Spa Fields Fair and the Char-a-banc
Every year there was a fair down at the Spa Fields by the river
The Spa was noted for its waters which came out of the rocks by the swings; it was icy cold. The bath house and saloon still remain.
I remembered a Char-a-banc coming down from Blackhill to Shotley Bridge Spa grounds that crashed. That was on 26th August 1911. Those killed belonged to the Consett Co-Operative Choir. There was a couple that died a John Joseph Person and his fiancée Ettie Stokoe. I held her hand while we waited for the Doctor. It was shortly after my 15th birthday. There were many I say die after that, but she was the first. A lovely woman. Full of ideas and hopes. There were a lot that missed out.
Every year there was this fair and the Choir had come down for that
There was a Toll Gate. You paid once and there were swings attached to these huge trees with heavy steel bars and hooks and roundabouts and a Flower Show. Carriages carrying twenty people would come in from Newcastle. I won a First Prize for a handwriting competition and for my drawings. I did one of a Roman Soldier and another of a tulip.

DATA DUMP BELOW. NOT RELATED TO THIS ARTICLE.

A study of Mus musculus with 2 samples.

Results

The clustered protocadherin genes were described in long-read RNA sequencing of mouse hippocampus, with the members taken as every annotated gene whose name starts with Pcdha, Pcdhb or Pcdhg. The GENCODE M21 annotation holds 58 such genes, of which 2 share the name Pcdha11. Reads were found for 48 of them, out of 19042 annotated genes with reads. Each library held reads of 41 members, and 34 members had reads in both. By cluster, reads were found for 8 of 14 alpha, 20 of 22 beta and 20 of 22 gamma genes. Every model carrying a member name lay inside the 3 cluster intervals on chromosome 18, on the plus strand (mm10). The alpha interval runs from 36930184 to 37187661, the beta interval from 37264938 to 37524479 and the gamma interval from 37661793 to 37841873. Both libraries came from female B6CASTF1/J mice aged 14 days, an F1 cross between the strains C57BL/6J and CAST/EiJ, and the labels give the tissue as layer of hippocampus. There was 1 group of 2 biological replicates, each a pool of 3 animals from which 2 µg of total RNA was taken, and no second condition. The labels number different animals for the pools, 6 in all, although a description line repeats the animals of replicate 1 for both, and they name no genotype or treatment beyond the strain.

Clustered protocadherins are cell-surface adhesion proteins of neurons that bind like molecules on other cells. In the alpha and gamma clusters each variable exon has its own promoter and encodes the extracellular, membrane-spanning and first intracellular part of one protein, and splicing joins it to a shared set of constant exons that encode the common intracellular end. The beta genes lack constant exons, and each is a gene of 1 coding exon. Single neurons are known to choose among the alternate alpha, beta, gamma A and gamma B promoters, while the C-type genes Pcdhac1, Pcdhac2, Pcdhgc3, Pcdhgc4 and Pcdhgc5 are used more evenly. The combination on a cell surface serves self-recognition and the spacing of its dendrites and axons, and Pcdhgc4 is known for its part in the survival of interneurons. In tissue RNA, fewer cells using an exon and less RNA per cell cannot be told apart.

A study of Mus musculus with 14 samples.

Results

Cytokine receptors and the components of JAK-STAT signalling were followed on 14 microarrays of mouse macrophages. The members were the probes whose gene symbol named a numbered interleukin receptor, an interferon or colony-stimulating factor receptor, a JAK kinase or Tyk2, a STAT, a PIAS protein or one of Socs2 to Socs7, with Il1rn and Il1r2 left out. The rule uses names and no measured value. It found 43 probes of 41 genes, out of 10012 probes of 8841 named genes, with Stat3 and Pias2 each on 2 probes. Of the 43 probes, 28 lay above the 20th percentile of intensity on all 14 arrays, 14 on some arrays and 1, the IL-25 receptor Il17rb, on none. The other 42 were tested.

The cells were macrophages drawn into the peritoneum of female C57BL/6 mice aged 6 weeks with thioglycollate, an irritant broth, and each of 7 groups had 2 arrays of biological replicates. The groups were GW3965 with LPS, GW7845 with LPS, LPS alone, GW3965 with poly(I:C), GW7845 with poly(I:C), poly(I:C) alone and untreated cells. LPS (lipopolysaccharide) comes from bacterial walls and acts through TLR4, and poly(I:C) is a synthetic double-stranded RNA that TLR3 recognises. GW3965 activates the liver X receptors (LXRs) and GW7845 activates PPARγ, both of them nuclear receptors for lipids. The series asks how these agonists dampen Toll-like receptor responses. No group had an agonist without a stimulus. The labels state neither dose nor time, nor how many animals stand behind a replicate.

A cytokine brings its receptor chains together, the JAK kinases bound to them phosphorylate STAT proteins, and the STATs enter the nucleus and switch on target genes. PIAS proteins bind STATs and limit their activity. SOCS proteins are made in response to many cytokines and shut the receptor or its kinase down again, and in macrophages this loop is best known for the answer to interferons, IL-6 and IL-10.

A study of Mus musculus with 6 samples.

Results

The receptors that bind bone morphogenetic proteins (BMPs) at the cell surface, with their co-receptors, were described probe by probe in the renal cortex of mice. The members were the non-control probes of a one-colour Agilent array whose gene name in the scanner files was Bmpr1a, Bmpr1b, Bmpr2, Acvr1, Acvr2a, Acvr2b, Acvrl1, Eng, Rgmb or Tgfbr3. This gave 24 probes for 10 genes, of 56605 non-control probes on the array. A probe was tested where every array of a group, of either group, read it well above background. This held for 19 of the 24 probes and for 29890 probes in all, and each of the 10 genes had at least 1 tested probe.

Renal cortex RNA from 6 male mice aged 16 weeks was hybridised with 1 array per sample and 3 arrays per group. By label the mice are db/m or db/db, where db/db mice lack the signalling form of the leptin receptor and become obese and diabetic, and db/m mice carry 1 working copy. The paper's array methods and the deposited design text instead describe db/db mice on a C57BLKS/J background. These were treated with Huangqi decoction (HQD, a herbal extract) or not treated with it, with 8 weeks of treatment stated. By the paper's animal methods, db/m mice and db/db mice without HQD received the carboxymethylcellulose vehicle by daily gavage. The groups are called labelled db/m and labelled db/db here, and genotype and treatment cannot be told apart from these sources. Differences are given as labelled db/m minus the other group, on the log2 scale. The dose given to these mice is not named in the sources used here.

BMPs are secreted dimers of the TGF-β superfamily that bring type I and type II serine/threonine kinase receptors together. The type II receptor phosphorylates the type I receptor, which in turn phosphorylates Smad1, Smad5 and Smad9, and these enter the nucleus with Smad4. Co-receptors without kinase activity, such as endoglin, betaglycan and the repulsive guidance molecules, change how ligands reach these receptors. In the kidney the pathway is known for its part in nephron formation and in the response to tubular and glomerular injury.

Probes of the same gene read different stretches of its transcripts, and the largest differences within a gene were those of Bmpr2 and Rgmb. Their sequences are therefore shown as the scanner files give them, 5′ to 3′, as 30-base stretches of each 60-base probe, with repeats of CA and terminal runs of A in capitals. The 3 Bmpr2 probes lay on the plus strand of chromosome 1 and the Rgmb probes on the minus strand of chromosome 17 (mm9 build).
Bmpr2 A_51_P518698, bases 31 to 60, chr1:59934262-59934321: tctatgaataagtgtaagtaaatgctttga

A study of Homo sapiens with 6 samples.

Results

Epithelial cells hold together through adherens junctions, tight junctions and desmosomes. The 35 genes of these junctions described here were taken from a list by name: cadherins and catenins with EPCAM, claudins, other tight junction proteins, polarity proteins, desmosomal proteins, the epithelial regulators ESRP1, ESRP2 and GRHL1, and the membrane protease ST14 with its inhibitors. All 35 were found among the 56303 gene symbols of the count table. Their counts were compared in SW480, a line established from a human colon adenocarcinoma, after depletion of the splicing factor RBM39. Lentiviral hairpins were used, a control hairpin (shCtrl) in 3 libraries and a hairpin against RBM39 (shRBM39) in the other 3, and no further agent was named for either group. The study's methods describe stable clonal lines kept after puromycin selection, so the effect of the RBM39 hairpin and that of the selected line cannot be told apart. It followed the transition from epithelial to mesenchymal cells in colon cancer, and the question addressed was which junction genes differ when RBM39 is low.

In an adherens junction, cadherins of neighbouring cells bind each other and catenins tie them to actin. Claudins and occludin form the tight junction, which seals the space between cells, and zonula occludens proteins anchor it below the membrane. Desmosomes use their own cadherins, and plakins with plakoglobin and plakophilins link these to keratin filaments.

I remember in 1902 going down to the Spa where they had a huge fire to celebrate the Relief of Mafeking. My father used to get a magazine, ‘The Black and White Budget’ on the Boer War.
The fair in Shotley Park was stopped eventually by a Quaker family who owned the land.
He was a banker, this Jonathan Richardson, a Quaker Banker. That was a rum deal. One of his sons refused to fight in the Great War. He stayed out until conscription came in then refused. He lived by his bible, he said and obeyed the Fifth Commandment, ‘Thou Shalt Not Kill.’ They had him shipped out to France all the same and put under military command; they might have been shot for that, but Parliament stepped in and gave them hard labour.